Writer: Ron Marz & Joshua Williamson | Artist: Sami Basri & Hendry Prasetya | Colours: Jessica Kholinne
Priscilla Kitaen is Voodoo, a mysterious beauty whose origins and motivations are unknown, seemingly even to her. Regardless of whether she is a hero or villain (or both), Voodoo is on the run, trying to stay one step ahead of her pursuers, using all of her considerable skills to complete a mission that will put the entire Earth in danger. Will even her shape-shifting powers be enough to keep her pursuers, including Green Lantern Kyle Rayner, at bay? Learn the truth about Priscilla Kitaen as she leaves a trail of violence across America.
Collects: Issues #1-6
This series created quite a shit-storm when it was first published. This was largely due to the fact that the first time we meet Priscilla, she’s working as a stripper. This rather robbed her of much potential appeal as a strong female lead in an otherwise male-dominated New 52 line-up (leaving only Batgirl and Batwoman in the original roll-out’s roster of strong female leads).
Naturally, the fracas surrounding this title piqued my interest. Given the sheer number of New 52 titles I was interested in, however, my interest was only piqued enough to put Voodoo on the “wait for the collection” list. What I found was a mixed comic – one that deserved a lot more good attention than it received and one that was harmed by the creative line-up change.
So. Let’s deal with the infamous first issue. Yes, it takes place almost entirely in a strip club. Yes, this means there are scantily clad ladies on almost every page and in every panel. Yes, this is not strictly speaking a Good Thing, and could very easily be accused of being a way to hook the interest of teenage boys. But, this is by no means the type of exploitative artwork that one finds in, for example, a few Zenescope titles, in which the scantily clad ladies are there for no other purpose than being scantily clad and titillating. True, that is also what strippers are hired for. Yes, this could have been set in a normal bar and had a similar effect. However, I think I know why a strip club was chosen: the third-to-last page. The stark, shocking contrast between Voodoo’s human aspect and when her alien aspect is revealed is stunning.
In other words: yes, it could have been done without the strippers and lingerie, but I do think I know why it was done. Let’s move on, as the series completely changes from here on, and there is nary a bra in sight.
What follows is Voodoo’s mission to get information to her overlords. We are informed that she is on a mission, and she knows this. She knows what the mission is. We learn why she was at a strip club (a bit tenuous, and I didn’t entirely buy it, but it could be plausible). She’s being hunted by the Black Razors – some kind of super-hero-policing outfit that I’ve never heard about before.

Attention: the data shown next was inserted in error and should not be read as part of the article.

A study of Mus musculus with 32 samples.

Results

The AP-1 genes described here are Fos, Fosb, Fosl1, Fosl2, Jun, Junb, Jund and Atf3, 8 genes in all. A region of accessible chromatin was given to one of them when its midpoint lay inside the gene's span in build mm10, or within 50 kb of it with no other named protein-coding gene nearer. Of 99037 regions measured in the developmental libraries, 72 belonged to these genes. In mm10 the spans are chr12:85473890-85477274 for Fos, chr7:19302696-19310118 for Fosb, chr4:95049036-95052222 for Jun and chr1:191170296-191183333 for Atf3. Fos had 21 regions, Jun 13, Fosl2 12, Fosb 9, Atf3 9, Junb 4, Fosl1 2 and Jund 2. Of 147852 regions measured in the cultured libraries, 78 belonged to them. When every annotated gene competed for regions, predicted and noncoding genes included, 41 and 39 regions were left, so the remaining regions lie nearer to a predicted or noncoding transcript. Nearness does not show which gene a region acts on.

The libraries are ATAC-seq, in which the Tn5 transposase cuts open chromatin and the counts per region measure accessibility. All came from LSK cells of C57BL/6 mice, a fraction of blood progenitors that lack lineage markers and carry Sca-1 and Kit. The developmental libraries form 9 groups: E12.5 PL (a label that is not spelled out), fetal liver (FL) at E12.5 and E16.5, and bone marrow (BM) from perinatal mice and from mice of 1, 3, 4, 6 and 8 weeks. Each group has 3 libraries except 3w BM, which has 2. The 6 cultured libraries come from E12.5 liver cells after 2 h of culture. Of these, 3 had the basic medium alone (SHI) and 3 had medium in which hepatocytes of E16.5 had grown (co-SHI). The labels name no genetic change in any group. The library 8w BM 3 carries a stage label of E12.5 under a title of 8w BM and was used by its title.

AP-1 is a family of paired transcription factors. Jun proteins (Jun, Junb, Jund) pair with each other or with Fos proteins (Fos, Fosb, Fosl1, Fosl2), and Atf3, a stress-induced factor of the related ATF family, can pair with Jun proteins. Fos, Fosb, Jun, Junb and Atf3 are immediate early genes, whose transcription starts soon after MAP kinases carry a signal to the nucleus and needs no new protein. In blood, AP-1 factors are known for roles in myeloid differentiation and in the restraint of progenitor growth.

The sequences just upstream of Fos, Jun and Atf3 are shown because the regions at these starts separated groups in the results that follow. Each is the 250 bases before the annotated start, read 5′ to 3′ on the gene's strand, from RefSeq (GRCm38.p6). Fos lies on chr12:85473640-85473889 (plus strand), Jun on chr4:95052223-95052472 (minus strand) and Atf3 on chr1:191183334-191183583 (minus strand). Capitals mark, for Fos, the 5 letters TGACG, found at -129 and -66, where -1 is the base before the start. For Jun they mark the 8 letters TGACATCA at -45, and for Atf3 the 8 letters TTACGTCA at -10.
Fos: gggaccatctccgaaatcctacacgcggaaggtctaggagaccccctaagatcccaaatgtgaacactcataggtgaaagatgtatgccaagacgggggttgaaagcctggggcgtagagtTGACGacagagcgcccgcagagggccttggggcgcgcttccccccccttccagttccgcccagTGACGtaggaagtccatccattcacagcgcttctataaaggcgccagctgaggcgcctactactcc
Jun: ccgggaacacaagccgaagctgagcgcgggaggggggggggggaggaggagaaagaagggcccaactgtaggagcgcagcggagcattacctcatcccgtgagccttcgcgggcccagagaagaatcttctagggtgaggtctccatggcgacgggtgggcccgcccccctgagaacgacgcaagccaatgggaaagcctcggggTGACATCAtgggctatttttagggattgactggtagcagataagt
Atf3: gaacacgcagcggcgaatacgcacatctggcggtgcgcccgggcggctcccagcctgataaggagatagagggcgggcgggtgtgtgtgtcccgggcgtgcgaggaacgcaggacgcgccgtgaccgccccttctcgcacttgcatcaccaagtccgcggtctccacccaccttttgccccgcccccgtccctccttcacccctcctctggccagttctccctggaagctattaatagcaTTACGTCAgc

If I had one problem with the book, it is the final two issues – this is when the writing duties changed hands, and there is a marked change in style and structure. The story jumps forward, information is dumped into our laps as if it’s not new when it actually comes out of nowhere. A ship that was underground…
… is suddenly announced to be in low Earth orbit…
And this apparently requires some kind of black-hole-teleporter-device (below) to get… somewhere. The final two issues moved so fast, and had so much extra information that it was a little tricky to place it. It was clear that there was a lot of cross-over at this point with other series, some of which (Grifter, Superman, and Stormwatch) I had already tried out. I thought the Daemonites storyline dragged in the other series, so I was a little hesitant about reading a series that is so very much tied into their plot to take over Earth. But, this story is actually far more a story about a fugitive who doesn’t know where she fits in, or who she really is. She doesn’t fit in the human world, and the daemonites treat her like an abomination. She is looking for answers – why was she created? What is her greater purpose? What will be her ultimate fate? In other words, it’s the sort of story I enjoy.
And Voodoo apparently set the self-destruct, too…
I think the first four issues were pretty interesting, as well as very well-written. What we learn in the final two chapters of this book also suggest some interesting things are still to come. Hopefully, the story and writing will settle down, and the final six issues of Voodoo’s story will be told in a stronger, more confident way.
Throughout, the artwork is very strong, and I really like the style. It’s moody but clean, and nicely eye-catching. There’s just one double-page spread that was ruined by the process of making the issues into a collection, as the fold in the middle obscured what I’m sure would have been a great, striking image (taking Voodoo’s two aspects and adapting them into two halves of Leonardo da Vinci’s Vitruvian Man).
So, now that I’ve finally got around to trying the series… it appears to have been cancelled. This is a pity, but I suppose given the issues that arose from the creative shake-up, not to mention the furore around the first issue, this series probably never had much of a chance of surviving very long anyway. I’ll certainly pick up the second, final collection when it comes out early next year.